Miletus is located in the vicinity of Söke town, nearby Kusadasi, in the Aegean region of Turkey. The city was built on the seashore in the ancient times. The Miletus people who had founded about 90 colonies in the Mediterranean and Black Sea regions, after 650 BC, had resisted the Persian invasions in Anatolia, but they were defeated finally and the city was destroyed by the Persians in 5th century BC.
When you arrive at the ruins, the magnificent theater of the city appears in sight at first. The theater had been constructed during the Hellenistic period and it acquired its present characteristics by means of the annexes made during the Roman period. The walls of the front facade of the theater are 140 meters long and 30 meters (460 x 99 feet) high, and are an interesting example of stone workmanship. The theater was large enough to hold 24.000 people, but a fortress was built upon it during the Byzantine period seizing its capacity down to 15.000 people.
On the opposite side of the theater there is a Caravanserai from the Seljuk period and the baths built for Faustina II, wife of Marcus Aurelius who ruled between 161-180 AD. The Temple of Serapis, belonging to the 3rd century AD, is behind the baths. The rectangular buildings seen on one side are warehouse buildings. The adjacent Southern Agora building which has dimensions of 164 x 196 meters (538 x 643 feet) and is surrounded by stoas, belongs to the 2nd century AD and its southern gate was taken to the museum of Berlin during the early excavations.
When you go out through the northern gate of the Agora, you see the Bishop's Church and the Martyrion belonging to the 5th century AD beside it, and the ceremonial road which is 100 meters long and 28 meters (328 x 92 feet) wide, extending in front of the Agora. On the east side of it there is a fountain (Nymphaion) in the Public Square from the 2nd century AD, and a Bouleuterion (the Senate Building) which was constructed between 175-164 BC is situated opposite to it. The Temple of Asklepios and the Sacred Place are situated at its side. At the side of these, the Northern Agora extends along the sacred road and at the right hand side of the sacred road there is the Gymnasium from the 2nd century BC, the entrance of which has been brought to an erect position at present.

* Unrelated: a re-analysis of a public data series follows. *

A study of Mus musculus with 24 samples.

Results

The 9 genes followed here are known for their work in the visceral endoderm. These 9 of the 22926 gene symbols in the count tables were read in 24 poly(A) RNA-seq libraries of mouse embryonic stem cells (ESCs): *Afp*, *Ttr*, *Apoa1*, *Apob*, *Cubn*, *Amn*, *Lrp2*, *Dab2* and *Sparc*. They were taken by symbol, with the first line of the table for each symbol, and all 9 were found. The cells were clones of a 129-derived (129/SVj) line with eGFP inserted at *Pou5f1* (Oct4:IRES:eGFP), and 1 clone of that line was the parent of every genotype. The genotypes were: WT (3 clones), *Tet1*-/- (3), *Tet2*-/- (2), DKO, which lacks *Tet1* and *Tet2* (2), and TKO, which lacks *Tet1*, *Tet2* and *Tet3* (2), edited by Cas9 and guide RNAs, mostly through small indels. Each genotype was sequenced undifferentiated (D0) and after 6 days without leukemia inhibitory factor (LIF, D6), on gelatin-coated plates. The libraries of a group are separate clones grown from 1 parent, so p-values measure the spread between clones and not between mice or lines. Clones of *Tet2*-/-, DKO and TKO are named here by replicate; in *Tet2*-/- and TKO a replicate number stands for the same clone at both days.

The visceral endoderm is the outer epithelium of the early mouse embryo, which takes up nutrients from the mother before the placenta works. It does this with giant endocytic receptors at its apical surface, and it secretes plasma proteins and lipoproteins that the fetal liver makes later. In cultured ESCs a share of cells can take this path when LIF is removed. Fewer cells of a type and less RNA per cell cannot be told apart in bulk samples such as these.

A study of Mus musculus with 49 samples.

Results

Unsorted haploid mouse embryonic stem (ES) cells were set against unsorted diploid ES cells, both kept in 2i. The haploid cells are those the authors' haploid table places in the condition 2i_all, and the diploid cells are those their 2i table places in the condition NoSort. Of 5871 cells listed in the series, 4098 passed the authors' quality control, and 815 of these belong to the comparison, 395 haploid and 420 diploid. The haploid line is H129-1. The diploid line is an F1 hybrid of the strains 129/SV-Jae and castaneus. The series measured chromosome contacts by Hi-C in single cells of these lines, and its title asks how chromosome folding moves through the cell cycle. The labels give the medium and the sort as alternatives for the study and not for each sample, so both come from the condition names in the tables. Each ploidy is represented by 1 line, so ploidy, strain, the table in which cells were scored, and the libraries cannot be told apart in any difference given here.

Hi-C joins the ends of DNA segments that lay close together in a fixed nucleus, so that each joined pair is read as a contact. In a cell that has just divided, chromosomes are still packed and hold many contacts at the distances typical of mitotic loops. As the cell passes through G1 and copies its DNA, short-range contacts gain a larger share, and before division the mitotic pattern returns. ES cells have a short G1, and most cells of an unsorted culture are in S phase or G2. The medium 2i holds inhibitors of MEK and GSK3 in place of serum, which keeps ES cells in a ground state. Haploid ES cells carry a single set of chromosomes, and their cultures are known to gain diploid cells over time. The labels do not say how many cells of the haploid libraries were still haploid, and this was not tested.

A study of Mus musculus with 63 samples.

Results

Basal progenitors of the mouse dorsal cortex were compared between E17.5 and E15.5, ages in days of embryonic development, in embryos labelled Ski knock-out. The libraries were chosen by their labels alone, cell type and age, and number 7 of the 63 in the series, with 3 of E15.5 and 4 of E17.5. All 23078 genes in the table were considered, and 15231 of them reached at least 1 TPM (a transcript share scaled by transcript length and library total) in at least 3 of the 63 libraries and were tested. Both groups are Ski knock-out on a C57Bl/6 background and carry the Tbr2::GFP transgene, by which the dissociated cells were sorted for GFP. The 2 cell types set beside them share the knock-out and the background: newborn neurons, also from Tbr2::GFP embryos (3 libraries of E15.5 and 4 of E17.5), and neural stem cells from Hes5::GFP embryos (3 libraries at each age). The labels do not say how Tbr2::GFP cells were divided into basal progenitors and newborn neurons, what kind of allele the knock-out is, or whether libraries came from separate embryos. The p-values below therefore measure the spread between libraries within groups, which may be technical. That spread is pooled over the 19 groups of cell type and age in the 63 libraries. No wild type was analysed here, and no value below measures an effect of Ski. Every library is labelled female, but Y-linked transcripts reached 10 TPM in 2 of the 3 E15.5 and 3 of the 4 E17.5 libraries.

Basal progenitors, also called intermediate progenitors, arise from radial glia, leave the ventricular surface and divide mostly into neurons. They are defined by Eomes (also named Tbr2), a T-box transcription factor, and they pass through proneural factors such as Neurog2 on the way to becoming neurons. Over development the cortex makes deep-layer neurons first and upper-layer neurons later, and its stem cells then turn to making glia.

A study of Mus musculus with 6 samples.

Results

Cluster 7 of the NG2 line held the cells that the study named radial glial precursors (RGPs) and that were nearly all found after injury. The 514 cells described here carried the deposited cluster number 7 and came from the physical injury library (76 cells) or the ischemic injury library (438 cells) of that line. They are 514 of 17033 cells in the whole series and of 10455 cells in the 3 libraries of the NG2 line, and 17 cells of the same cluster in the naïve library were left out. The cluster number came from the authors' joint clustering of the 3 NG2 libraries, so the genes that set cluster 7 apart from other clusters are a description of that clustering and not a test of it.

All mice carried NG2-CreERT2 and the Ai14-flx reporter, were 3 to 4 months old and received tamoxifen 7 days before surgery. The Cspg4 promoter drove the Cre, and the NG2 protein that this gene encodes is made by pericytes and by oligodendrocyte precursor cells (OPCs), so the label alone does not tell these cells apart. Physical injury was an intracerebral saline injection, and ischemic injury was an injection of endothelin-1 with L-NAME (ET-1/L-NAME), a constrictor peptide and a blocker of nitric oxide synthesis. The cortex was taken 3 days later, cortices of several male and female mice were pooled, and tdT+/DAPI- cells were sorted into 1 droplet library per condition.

The baths built by Vergilius Capito during the reign of Claudius are situated north of the Gymnasium, and some of these baths were used during the Seljuk period. At the northern end of the Ceremonial Road there is the Harbor Gate which was a passage with 16 columns, and on the east of this road there is a fountain (Delphinion) which is a work from the Archaic period.
When you go towards the north from here, you can see at the left hand side the port stoa, the Harbor Monument built in 31 BC, the Small Harbor Monument and the Synagogue. The statues of the lions on both sides of the port were used to block the entrance to the Military Harbor by a chain. On the opposite side you can see the Roman Baths.
The remains of the Stadium, the Western Agora and the Temple of Athena belonging to the 5th century BC are located in the south of Miletus. The only ancient Turkish work in Miletus is the Mosque of Ilyas Bey, ruler of the area at that time. The mosque was built in 1404 AD and it can be visited today.